January 17: "Hidden Danger" / "A Race Against Death"

(The Sensorites episodes 3 & 4)

Seriously, there's just something wonderful about the Sensorites.  The wizened head, with its wrinkles and wispy hair, combined with the all-over jumpsuits, makes them look very charming -- especially since, as we learn in these two episodes, the Earth people don't have much to fear from them.  Once again, communication is shown as the way to solve conflicts; once the Doctor shows that he and his friends don't wish to harm the Sensorites, things begin to go much more smoothly.

Jacqueline Hill is only around for the first half of "Hidden Danger" before she's gone completely, off on vacation while Barbara is left on the spaceship with Maitland.  Everyone else gets to venture down to the surface of the Sense-Sphere and enjoy the Ray Cusick-designed sets, with its nice non-angular lines informing the look of the place.  Meanwhile, William Russell gets to drink poisoned water and be sick for the entirety of "A Race Against Death" -- his death being the one the Doctor's racing against.  This seems to be the tipping point for the First Elder, the leader of the Sensorites, who becomes convinced that the humans mean them no harm, and he agrees to give back the Doctor the lock of the ship (removed in "Strangers in Space") in exchange for an antidote to the poison that's been afflicting parts of the population.

The Doctor instructs the Sensorite scientists. ("A Race
Against Death") ©BBC
Of course, you can't convince everyone, and in this case it's the Sensorites' City Adminstrator (as played by Peter Glaze) who is determined to prove that the humans are up to no good.  It's not the world's most subtle performance, but there's something marvelous about his rabid xenophobia, as he goes out of his way to be antagonistic, first trying to kill the humans by force before turning to subterfuge.  "We must match cunning with cunning," he says, still firm in his belief that the Doctor intends to poison the Sensorites with his so-called "cure", and this is what leads him to kidnap the Second Elder and take his place, allowing him more freedom to carry out his villainy.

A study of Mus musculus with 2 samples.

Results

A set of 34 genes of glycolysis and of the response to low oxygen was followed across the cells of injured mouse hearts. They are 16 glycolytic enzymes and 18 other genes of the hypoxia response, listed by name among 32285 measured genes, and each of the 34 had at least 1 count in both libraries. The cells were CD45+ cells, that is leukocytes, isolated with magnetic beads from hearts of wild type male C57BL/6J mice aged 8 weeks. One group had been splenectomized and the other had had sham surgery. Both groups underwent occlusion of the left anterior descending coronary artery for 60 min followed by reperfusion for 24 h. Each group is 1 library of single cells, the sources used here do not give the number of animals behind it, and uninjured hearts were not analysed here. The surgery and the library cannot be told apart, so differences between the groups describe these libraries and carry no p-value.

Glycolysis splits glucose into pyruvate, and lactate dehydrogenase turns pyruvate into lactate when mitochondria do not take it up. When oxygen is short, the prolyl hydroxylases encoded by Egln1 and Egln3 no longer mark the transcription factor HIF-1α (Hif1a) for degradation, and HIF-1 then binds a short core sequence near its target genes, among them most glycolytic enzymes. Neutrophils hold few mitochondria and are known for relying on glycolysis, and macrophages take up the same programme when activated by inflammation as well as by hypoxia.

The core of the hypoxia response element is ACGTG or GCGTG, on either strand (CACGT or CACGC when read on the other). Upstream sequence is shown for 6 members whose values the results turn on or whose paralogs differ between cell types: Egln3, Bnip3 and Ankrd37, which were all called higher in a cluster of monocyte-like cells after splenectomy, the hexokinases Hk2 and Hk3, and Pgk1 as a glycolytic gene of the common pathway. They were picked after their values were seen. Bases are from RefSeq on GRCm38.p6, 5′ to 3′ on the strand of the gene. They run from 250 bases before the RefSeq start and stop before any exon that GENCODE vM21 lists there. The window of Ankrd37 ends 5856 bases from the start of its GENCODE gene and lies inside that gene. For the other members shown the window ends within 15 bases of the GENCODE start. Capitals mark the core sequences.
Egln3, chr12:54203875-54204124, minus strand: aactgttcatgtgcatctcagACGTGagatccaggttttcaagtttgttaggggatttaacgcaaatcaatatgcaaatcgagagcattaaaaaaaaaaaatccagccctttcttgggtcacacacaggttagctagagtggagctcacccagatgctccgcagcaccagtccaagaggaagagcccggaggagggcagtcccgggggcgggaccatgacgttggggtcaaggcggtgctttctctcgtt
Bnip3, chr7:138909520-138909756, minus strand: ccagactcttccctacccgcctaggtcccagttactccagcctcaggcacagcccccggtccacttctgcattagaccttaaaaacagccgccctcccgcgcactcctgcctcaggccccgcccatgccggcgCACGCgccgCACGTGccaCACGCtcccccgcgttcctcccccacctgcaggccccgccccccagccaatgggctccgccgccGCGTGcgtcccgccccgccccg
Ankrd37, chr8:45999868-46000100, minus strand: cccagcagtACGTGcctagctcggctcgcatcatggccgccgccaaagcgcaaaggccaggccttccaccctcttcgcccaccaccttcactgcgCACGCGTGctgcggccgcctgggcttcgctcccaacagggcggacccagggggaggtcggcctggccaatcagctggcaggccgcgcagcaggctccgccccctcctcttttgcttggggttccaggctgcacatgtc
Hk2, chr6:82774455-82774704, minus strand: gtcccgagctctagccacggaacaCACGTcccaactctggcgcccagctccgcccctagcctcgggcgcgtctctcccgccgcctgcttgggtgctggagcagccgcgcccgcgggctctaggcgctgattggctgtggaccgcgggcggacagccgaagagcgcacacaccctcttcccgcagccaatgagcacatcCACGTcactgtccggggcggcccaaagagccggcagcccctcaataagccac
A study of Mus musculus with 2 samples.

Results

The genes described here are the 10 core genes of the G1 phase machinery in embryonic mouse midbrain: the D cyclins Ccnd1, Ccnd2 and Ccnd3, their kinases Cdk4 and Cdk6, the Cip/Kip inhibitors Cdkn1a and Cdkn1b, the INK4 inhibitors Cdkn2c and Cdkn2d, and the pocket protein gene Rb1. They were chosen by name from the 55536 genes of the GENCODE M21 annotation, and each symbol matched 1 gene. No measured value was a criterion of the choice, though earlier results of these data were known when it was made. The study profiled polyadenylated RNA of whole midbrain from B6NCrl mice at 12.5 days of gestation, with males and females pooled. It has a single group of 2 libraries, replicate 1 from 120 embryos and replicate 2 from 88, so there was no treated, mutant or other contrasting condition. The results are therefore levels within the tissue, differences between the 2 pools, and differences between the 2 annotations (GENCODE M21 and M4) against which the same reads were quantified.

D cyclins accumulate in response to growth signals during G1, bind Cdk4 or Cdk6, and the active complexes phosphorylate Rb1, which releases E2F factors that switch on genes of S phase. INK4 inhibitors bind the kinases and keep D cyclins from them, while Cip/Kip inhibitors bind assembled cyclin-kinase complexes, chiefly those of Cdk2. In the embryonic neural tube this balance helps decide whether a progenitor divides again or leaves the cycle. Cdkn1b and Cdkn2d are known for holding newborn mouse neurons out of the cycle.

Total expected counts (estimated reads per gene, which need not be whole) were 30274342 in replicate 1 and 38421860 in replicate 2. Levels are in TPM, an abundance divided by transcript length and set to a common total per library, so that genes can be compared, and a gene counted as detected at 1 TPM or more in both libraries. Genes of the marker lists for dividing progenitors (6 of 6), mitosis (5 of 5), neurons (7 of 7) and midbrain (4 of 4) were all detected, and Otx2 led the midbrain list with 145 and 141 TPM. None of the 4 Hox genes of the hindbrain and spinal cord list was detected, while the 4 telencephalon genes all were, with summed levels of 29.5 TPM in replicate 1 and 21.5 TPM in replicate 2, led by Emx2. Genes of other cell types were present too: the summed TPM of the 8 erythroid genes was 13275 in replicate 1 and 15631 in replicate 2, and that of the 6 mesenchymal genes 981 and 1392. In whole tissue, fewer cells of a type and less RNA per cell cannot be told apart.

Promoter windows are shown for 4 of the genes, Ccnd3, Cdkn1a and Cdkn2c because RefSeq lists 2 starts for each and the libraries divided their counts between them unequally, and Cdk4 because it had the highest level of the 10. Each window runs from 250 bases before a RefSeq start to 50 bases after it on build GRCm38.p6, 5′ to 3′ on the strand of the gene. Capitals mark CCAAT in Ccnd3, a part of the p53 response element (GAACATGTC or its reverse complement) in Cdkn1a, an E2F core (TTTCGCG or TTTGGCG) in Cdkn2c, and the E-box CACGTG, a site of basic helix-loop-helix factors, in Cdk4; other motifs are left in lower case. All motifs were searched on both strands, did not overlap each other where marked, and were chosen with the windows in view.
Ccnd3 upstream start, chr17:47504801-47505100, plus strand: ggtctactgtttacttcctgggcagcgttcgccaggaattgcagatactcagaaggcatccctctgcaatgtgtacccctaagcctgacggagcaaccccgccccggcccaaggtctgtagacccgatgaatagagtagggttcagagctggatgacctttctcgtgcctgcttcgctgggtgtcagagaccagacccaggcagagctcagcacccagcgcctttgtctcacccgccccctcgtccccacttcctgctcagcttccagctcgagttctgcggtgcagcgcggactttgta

And lest anyone still be unconvinced of the modernity of this story, note that once the Doctor develops the antidote, he's fulfilled his part of the bargain and can get the lock to the TARDIS back; he can leave at any time.  Yet he decides to go into the aqueduct where the poison seems to be originating from and try and remove the source, not because he has any external obligation to do so, but because it's the right thing to do6.  It's quite out of keeping with the previous stories, but not with the direction the current serial is taking -- nor is it out of keeping with the series as we now regard it.  The Doctor is slowly but surely taking steps toward becoming the moral crusader of later years.

6 Thanks go to About Time, which first pointed this out to me.